Thursday, May 3, 2007

Dinner exposes press coziness Thomas blasts

New York Times columnist Frank Rich last weekend effectively linked the tragic death of Pulitzer Prize-winning newsman David Halberstam, the embarrassing White House Correspondents' Association dinner, and recent press criticism about the shameful inside-the-beltway coziness between the Washington press corps and the federal government.

Long-time White House journalist Helen Thomas two weeks ago at her WIU appearance spoke about that insider status and how it fails the American people.

Rich begins his April 29 piece, titled "All The President's Press"--
"Somehow it's hard to imagine David Halberstam yukking it up with Alberto Gonzales, Paul Wolfowitz and two discarded American Idol contestants at the annual White House Correspondents' Association dinner. Before there was a Woodward and Bernstein, there was Halberstam, still not yet 30 in the early 1960s, calling those in power to account for lying about our 'progress' in Vietnam. He did so even though J.F.K. told the publisher of The Times, 'I wish like hell that you'd get Halberstam out of there.' He did so despite public ridicule from the dean of that era's Georgetown punditocracy, the now forgotten columnist (and Vietnam War cheerleader) Joseph Alsop.
"It was Alsop's spirit, not Halberstam's, that could be seen in C-Span's live broadcast of the correspondents' dinner last Saturday, two days before Halberstam's death in a car crash in California. This fete is a crystallization of the press's failures in the post-9/11 era: it illustrates how easily a propaganda-driven White House can enlist the Washington news media in its shows. Such is literally the case at the annual dinner, where journalists serve as a supporting cast, but it has been figuratively true year-round. The press has enabled stunts from the manufactured threat of imminent 'mushroom clouds' to Saving Private Lynch to Mission Accomplished, whose fourth anniversary arrives on Tuesday. For all the recrimination, self-flagellation and reforms that followed these journalistic failures, it's far from clear that the entire profession yet understands why it has lost the public's faith."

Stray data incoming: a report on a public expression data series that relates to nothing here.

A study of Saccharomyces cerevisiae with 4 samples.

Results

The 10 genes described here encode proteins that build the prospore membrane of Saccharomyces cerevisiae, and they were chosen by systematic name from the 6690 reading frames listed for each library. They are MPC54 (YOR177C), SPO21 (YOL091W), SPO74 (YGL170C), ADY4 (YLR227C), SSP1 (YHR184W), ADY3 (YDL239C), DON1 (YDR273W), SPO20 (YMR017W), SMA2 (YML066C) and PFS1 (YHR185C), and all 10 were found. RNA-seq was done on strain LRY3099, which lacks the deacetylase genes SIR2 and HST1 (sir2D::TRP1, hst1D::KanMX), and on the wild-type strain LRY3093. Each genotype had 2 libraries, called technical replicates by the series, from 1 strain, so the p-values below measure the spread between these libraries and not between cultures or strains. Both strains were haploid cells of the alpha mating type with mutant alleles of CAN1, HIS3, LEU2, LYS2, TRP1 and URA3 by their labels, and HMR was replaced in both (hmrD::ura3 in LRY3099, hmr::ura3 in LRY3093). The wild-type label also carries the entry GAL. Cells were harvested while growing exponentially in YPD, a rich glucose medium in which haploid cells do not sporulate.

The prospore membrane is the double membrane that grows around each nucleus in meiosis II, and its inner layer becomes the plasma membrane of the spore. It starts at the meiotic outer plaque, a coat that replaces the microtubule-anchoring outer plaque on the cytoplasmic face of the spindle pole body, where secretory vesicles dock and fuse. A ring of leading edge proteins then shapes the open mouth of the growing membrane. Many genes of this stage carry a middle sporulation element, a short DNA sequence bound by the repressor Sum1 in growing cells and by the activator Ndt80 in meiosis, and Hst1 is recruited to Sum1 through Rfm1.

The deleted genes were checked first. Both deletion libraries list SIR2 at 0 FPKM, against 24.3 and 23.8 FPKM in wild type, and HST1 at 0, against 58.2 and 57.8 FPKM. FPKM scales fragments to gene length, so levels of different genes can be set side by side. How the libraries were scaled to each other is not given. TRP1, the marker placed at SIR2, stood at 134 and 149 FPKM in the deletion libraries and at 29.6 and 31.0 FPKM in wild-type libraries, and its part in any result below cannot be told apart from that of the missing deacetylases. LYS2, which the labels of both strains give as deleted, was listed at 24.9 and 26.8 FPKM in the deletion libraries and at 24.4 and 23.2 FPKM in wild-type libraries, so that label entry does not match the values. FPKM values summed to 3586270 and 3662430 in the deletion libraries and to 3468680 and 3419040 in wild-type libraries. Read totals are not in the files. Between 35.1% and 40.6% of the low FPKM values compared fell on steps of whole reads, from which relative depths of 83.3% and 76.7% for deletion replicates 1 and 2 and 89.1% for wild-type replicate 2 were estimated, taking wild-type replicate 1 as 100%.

For his complete and insightful column, via, go here:

Rich also mentions journalist Bill Moyers' PBS-TV special about the breakdown of most of the national press between 9/11 and the invasion and occupation of Iraq (for details on Moyers' sobering show, go here: ) and W. Lance Bennett's When the Press Fails (for details, go here: ).

Thomas' own incisive criticism also is exceptional. (For details, go here: ).

Maybe together with public demands for good journalism, the Washington press corps will improve. And do its job.